United Nations calls for relaxed UAE sponsorship laws

Navi Pillay

The UN high commissioner for Human Rights has called for the UAE to relax its attitude towards expatriate jobseekers requiring a sponsor.

The commissioner, Navi Pillay, says that she would like the UAE to abandon the system that leaves foreign workers essentially handcuffed to their sponsor. Foreign workers are unable to seek other employment should their employment be unsatisfactory, and in some cases they are even becoming victims of abuse.

Ms Pillay spoke in Abu Dhabi and told reporters that “The GCC region is unique in that in some countries, especially the UAE and Oman, the number of migrant workers far exceeds the number of national citizens. Many problems have arisen through a lack of safeguards in the sponsorship system that leaves migrant workers vulnerable to exploitation in an unequal power relationship with their employers”.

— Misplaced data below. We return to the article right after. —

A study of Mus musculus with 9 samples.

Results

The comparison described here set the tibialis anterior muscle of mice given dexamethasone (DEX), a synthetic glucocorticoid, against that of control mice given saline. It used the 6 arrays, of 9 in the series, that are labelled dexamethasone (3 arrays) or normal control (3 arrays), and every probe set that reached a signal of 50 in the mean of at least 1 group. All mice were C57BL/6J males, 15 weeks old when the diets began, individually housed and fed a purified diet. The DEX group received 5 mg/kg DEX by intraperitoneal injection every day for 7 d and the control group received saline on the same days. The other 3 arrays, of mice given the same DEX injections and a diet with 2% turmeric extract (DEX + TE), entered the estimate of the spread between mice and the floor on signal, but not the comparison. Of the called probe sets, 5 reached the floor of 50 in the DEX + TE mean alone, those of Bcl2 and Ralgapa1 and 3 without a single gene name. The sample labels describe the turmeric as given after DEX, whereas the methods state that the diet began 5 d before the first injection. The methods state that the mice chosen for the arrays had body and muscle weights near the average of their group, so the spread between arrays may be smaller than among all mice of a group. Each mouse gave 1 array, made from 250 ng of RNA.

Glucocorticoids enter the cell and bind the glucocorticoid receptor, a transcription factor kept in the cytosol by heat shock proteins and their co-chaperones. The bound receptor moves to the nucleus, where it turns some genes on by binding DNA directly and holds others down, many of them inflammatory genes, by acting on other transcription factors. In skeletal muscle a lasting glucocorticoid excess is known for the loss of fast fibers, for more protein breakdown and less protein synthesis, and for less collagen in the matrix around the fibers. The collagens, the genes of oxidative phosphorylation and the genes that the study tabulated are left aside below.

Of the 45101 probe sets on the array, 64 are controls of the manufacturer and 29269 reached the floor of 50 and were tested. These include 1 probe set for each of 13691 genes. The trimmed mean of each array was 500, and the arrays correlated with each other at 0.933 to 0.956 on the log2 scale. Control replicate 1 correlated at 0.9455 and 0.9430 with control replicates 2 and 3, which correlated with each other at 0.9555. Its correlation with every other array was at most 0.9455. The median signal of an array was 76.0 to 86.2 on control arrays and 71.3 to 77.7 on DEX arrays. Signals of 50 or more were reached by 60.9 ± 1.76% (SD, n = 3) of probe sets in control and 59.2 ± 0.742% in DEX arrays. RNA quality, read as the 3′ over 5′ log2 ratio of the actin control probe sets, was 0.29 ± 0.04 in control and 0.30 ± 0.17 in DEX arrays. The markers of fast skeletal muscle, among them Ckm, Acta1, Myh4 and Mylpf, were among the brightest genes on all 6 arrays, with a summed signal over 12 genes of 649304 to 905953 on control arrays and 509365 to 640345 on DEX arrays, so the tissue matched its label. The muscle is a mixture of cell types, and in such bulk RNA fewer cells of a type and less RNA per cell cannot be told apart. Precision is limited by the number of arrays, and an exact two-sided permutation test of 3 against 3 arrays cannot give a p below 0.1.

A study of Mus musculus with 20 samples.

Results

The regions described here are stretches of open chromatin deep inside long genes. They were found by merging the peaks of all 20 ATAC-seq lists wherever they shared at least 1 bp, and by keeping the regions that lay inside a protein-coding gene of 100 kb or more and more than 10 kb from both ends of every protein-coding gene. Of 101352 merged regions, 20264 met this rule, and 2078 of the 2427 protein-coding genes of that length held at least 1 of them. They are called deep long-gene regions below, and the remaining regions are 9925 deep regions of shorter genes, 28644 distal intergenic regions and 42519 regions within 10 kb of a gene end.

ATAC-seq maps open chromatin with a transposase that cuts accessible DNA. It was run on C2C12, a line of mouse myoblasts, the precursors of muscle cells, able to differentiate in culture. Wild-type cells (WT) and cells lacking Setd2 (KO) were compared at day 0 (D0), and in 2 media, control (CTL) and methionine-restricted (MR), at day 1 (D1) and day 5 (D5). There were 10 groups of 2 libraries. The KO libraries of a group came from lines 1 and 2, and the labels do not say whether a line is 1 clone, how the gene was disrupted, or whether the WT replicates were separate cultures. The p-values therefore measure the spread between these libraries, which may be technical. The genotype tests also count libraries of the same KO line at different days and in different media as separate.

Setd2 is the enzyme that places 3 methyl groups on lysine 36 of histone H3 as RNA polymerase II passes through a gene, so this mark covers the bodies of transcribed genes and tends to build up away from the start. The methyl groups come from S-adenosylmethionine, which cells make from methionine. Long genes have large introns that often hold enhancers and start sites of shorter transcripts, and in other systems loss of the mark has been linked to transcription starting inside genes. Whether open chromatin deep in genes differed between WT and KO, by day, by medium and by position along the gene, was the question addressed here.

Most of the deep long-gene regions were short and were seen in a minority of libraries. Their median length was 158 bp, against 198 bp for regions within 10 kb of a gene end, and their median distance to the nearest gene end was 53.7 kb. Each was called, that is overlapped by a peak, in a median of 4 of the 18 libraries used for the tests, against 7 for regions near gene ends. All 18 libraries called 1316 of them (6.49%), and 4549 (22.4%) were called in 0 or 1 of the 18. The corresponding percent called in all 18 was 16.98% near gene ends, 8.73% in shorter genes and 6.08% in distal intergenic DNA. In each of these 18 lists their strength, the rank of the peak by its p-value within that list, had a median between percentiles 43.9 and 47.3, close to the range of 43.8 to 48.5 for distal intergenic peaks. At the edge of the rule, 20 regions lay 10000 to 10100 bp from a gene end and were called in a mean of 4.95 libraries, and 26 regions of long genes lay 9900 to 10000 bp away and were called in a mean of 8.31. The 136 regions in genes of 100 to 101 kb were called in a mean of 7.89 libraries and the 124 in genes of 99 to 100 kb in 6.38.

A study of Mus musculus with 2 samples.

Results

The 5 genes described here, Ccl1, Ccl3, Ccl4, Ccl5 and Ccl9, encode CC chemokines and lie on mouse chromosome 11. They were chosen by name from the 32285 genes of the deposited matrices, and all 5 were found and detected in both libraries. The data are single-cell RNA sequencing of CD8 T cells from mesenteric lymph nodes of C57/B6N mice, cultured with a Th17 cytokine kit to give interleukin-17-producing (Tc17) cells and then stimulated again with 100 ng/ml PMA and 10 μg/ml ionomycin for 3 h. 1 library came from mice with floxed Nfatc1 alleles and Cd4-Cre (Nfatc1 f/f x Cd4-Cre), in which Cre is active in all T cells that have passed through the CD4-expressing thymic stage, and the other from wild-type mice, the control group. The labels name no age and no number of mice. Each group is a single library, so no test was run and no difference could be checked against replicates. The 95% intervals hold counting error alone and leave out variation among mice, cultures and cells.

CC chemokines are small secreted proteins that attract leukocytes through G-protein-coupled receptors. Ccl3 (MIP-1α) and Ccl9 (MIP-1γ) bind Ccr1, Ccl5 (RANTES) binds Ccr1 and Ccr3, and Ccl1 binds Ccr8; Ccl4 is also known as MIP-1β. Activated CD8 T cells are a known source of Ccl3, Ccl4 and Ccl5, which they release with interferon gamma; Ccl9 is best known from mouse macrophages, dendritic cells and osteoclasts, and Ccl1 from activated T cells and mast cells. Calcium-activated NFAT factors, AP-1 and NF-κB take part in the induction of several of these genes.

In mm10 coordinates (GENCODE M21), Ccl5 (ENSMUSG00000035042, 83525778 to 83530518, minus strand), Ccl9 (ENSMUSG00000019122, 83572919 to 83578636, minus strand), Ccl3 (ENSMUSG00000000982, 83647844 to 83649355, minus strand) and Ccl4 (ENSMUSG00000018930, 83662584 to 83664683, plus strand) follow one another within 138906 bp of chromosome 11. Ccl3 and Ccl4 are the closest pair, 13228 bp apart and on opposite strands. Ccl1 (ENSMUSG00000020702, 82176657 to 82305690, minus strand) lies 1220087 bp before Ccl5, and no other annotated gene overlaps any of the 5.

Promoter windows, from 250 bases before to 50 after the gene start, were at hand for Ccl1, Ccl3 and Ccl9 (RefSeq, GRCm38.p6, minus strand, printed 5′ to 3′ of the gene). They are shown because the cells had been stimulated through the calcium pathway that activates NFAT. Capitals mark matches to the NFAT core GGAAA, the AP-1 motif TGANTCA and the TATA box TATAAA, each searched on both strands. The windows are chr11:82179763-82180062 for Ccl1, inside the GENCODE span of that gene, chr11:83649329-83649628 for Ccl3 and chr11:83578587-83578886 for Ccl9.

To gain employment in the UAE a person must find a ‘sponsor’. This sponsor then becomes completely responsible for all aspects of the individual’s life including accommodation and welfare. Once with a sponsor the individual is not allowed to change jobs, and in most cases the sponsor will take possession of the individual’s passport.

Most white collar workers will only see the ‘handcuff’ as a slight, for chances are that they will be given an attractive salary and living arrangements, however it’s the vast number of workers who flock to Dubai for roles such as housekeeping and labour who become susceptible to abuse. In some instances there have been reports of severe overworking and minimal pay.

Recently the region of Bahrain abolished the sponsor scheme, and Ms Pillay hopes that the rest of the UAE will follow suit, she added “Many problems have arisen through the lack of protection safeguards in the so-called 'kafala' or sponsorship system that leaves migrant workers vulnerable to an unequal power relationship with their employers”.

“Bahrain - has recently abolished the ‘kafala’ system and adopted a new labour law and visa system, I hope this important model can be replicated in all the other GCC countries”.

Under the proposed new rules employee/employer relations would be much more even handed, and employees would have the power to seek new employment should they wish to, they will keep possession of their passports and also there will be a minimum wage set in place.